Tuesday, March 10, 2009

Obama on Education

One of the most difficult political identities to understand comes from views on education. Today, Obama signaled a rather conservative (merit pay) and liberal (federalized mandate) direction for education reform (read it here). He stated that, under this administration, we would treat "teachers like the professionals they are while also holding them more accountable."

This makes sense at one level. More responsibility, more pay, more accountability. But, truth be told, "accountability" means more standards to pass and more tests to teach to. If anything this proposal will only exacerbate the problems of No Child Left Behind.

If Obama wants to reform education, then, he may want to think about re-envisioning the very thing itself. That is, be sober enough to realize that this student is not a person, not a homo-sapien. This is a resource-person, a homo-economicus, whose sole value is in her ability to collect information and use it in the ways deemed worthy by that other tyrant: science.

Schooling has never--and I mean never--been intended to educate at the federal policy level. It is well understood that such a thing is not the purpose of schooling. However, many teachers try their best in spite of it and succeed. Succeed in executing the art of teaching, the art of teaching human persons to be artists themselves in whatever they do.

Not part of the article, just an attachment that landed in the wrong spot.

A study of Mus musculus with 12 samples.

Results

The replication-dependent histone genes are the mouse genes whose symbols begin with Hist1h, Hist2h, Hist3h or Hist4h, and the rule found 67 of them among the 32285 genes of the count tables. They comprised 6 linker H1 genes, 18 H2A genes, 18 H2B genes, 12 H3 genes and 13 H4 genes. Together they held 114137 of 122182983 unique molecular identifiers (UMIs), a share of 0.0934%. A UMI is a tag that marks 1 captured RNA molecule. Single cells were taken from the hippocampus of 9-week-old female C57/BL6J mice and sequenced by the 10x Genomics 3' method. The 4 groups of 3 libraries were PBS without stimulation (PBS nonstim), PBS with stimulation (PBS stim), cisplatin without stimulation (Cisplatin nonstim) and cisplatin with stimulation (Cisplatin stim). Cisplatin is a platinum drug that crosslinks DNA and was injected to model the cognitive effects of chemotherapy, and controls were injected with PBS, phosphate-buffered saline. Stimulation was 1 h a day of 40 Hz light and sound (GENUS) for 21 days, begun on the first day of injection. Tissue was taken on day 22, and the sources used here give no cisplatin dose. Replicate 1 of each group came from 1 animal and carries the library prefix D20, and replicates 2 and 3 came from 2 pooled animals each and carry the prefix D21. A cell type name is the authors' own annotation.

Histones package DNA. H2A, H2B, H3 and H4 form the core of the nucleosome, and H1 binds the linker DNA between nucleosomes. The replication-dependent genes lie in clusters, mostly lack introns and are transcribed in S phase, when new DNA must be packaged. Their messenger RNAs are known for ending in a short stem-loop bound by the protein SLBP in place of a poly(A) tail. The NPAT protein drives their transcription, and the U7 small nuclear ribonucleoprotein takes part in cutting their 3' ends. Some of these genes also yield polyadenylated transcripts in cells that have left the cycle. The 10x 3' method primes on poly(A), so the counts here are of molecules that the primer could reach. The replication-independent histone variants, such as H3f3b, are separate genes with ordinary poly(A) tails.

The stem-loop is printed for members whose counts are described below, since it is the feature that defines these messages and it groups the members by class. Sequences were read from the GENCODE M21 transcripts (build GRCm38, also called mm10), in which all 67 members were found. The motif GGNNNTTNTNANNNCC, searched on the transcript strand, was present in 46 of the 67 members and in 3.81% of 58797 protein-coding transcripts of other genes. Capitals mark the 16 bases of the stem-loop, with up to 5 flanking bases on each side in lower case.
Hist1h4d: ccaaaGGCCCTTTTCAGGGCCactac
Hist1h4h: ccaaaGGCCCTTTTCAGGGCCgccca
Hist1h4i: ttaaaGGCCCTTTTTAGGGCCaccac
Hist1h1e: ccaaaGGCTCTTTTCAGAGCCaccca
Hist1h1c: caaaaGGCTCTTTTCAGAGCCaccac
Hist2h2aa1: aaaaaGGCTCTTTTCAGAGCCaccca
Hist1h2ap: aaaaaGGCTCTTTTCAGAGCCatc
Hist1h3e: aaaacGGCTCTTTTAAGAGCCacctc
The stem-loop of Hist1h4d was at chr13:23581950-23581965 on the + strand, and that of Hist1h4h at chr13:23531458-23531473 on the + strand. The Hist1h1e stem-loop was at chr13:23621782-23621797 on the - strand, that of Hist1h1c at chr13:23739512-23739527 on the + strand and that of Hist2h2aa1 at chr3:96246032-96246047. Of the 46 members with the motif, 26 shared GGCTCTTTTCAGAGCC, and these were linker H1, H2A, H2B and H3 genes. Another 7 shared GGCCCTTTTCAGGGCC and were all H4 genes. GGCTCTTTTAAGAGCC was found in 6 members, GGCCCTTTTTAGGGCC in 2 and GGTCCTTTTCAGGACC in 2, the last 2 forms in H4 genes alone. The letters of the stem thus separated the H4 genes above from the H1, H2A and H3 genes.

The failure of reforms today and the ones to come, lie in this basic conflation: teaching and education as a science, or, to put it another way, science as science. Science is not a science, it too is an art, and the same goes for the rest, I think.


Brett W said...

I am not ready to condemn Obama's reform just yet. What I beleive he addresses with this bit of reform is trying to get teachers to pull more out of themselves. I think he is cognizant of the fact that he cannot just make the education of future teachers more demanding, there is not enough time. But what he can do is to begin to put pressure on the teachers, and the number would be staggering I feel but unfortunately who is going to admit to shortchanging their students with lack of effort, to produce pedagogy that is of higher quality. Too many teachers have become complacent with their job, especially against the backdrop of reliable pay, benefits, and the yearly pay raise. Trust me, I am one of them.

Brett W said...

But I also need to add, in defense of teachers, if Obama does plan to institute merit pay, I hope that he clears teachers' desks of some of the clutter left by testing, spontaneous curriculum reform, and other things that do make it difficult for teachers to teach. I am in favor of merit pay when teachers actually get a chance to teach and practice their craft. I am also in favor of merit pay for professional athletes.....maybe we would get more out of the BROWNS!!